Research Project: Response of Ecosystem Services in Agricultural Watersheds to Changes in Water Availability, Land Use, Management, and Climate

Location: Water Management and Systems Research

Title: Review of filter strip performance and function for improving water quality from agricultural lands

Author
item Douglas-Mankin, Kyle
item HELMERS, MATTHEW - IOWA STATE UNIVERSITY
item Harmel, Daren

Submitted to: Transactions of the ASABE
Publication Type: Peer Reviewed Journal
Publication Acceptance Date: 10/19/2020
Publication Date: 4/16/2021
Citation: Douglas-Mankin, K.R., Helmers, M.J., Harmel, R.D. 2021. Review of filter strip performance and function for improving water quality from agricultural lands. Transactions of the ASABE. 64(2):659-674. https://doi.org/10.13031/trans.14169.
DOI: https://doi.org/10.13031/trans.14169

Interpretive Summary: Filter strips (FSs) are common agricultural conservation practices to improve water quality from agricultural fields. This study summarizes, analyzes, and interprets data from 74 previous studies to assess how effective FSs have been in reducing sediment, nutrients, pesticides, and pathogens. This study also fills an important gap by assessing FS cost effectiveness. Results showed that larger FS widths, up to about 15 m, captured more runoff. Sediment reduction improved as FS area (relative to the upslope drainage area) increased and as FS width increased, up to about 20 m. Total P and total N reduction decreased for FS soils with greater ability to conduct water, and total N reduction also improved as FS width increased. Both total P and total N reduction tended to increase with increasing FS width up to about 20 m and with increasing FS slope up to about 10%. Annualized FS costs were estimated to be about $314-865 per hectare per year or $10.3-18.6 per thousand kilograms of sediment removed. Much of the cost is the opportunity cost of taking FS land out of production. FS monitoring recommendations are discussed, acknowledging the challenges with implementing real-world FS studies. This information will be useful to guide on-farm and agency program decisions related to FSs and to increase the scientific understanding of this commonly used agricultural conservation practice.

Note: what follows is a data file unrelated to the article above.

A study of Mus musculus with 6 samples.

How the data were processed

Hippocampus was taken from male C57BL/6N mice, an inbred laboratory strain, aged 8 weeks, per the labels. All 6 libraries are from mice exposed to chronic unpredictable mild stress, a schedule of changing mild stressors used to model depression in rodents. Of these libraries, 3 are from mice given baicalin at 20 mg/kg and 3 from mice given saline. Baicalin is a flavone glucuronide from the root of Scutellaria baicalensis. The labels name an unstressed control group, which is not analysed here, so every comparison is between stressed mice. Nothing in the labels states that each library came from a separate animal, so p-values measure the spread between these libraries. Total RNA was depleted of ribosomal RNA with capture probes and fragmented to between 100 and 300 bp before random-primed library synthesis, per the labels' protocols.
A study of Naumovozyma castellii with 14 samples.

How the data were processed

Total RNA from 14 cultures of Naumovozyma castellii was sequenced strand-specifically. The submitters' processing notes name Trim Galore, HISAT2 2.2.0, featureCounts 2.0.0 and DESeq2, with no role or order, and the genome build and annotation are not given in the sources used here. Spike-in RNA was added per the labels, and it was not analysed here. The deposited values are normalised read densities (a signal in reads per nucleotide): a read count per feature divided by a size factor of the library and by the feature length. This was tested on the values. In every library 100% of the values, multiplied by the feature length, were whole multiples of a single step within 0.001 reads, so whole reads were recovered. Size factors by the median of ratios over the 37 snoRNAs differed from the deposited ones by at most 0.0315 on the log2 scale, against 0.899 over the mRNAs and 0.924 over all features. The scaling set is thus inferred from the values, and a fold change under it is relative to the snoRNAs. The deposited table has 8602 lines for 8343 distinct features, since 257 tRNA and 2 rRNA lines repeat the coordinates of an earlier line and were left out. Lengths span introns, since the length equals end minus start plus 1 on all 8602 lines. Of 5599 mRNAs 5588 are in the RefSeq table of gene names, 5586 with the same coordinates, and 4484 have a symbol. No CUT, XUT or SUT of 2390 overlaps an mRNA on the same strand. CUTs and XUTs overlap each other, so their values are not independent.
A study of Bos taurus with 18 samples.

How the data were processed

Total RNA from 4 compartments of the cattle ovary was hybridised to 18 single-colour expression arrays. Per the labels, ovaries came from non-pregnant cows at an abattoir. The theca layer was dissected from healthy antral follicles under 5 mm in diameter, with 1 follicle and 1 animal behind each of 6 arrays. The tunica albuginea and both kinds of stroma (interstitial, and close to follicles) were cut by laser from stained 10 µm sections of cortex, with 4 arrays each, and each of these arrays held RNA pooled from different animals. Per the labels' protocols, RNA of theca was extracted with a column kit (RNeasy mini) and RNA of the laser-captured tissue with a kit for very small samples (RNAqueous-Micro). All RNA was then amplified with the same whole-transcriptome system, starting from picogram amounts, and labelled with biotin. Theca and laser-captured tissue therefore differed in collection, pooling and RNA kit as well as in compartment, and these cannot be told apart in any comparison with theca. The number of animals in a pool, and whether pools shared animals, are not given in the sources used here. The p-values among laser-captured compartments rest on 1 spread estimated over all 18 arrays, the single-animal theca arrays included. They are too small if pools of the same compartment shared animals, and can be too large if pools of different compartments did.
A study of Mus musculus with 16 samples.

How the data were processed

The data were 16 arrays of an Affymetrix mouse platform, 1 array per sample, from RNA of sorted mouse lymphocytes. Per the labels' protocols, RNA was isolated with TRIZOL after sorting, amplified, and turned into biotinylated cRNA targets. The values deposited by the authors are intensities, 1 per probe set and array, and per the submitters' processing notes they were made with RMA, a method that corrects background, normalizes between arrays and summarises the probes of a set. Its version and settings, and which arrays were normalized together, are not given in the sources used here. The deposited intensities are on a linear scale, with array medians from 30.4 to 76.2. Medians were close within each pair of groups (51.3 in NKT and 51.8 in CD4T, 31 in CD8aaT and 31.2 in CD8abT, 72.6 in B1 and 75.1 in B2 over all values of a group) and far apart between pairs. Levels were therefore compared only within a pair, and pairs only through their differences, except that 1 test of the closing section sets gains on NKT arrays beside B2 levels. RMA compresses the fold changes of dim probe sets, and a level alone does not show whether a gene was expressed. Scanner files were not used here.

Technical Abstract: Filter strips (FSs) are common edge-of-field conservation practices implemented to reduce flux of sediment, nutrients, and other constituents from agricultural fields. While various aspects of FS effectiveness have been reviewed, the present study provides a comprehensive summary of FS efficiency data for sediment, nutrients, pesticides, and pathogens as part of a Special Collection focused on agricultural conservation practices. The present analysis also fills an important gap assessing performance-based FS costs and cost-effectiveness. Data from 74 U.S. and international studies with 294 different treatments and 3,050 replications were compiled and analyzed. Results showed that runoff reduction tended to increase with increasing FS width up to about 15 m and that sediment reduction was significantly related to FS area to drainage area ratio and FS width, with reduction tending to increase with increasing width up to about 20 m. Total P reduction was significantly related to FS soil saturated hydraulic conductivity, and total N reduction was significantly related to both saturated hydraulic conductivity and width. Both total P and total N reduction tended to increase with increasing FS width up to about 20 m and with increasing FS slope up to about 10%. Annualized FS costs were estimated to range from $314-865/ha/yr for different FS implementations. A major component of the cost is the opportunity cost of land out of production. Costs per unit of sediment retained by FS systems ranged from $10.3-18.6/Mg. A comprehensive assessment of FS cost-effectiveness (cost:benefit) is needed. Monitoring recommendations are discussed, acknowledging the challenges with implementing field-scale FS studies. This information is a critical to guide on-farm and programmatic FS decisions and to increase the scientific understanding of this commonly used agricultural conservation practice.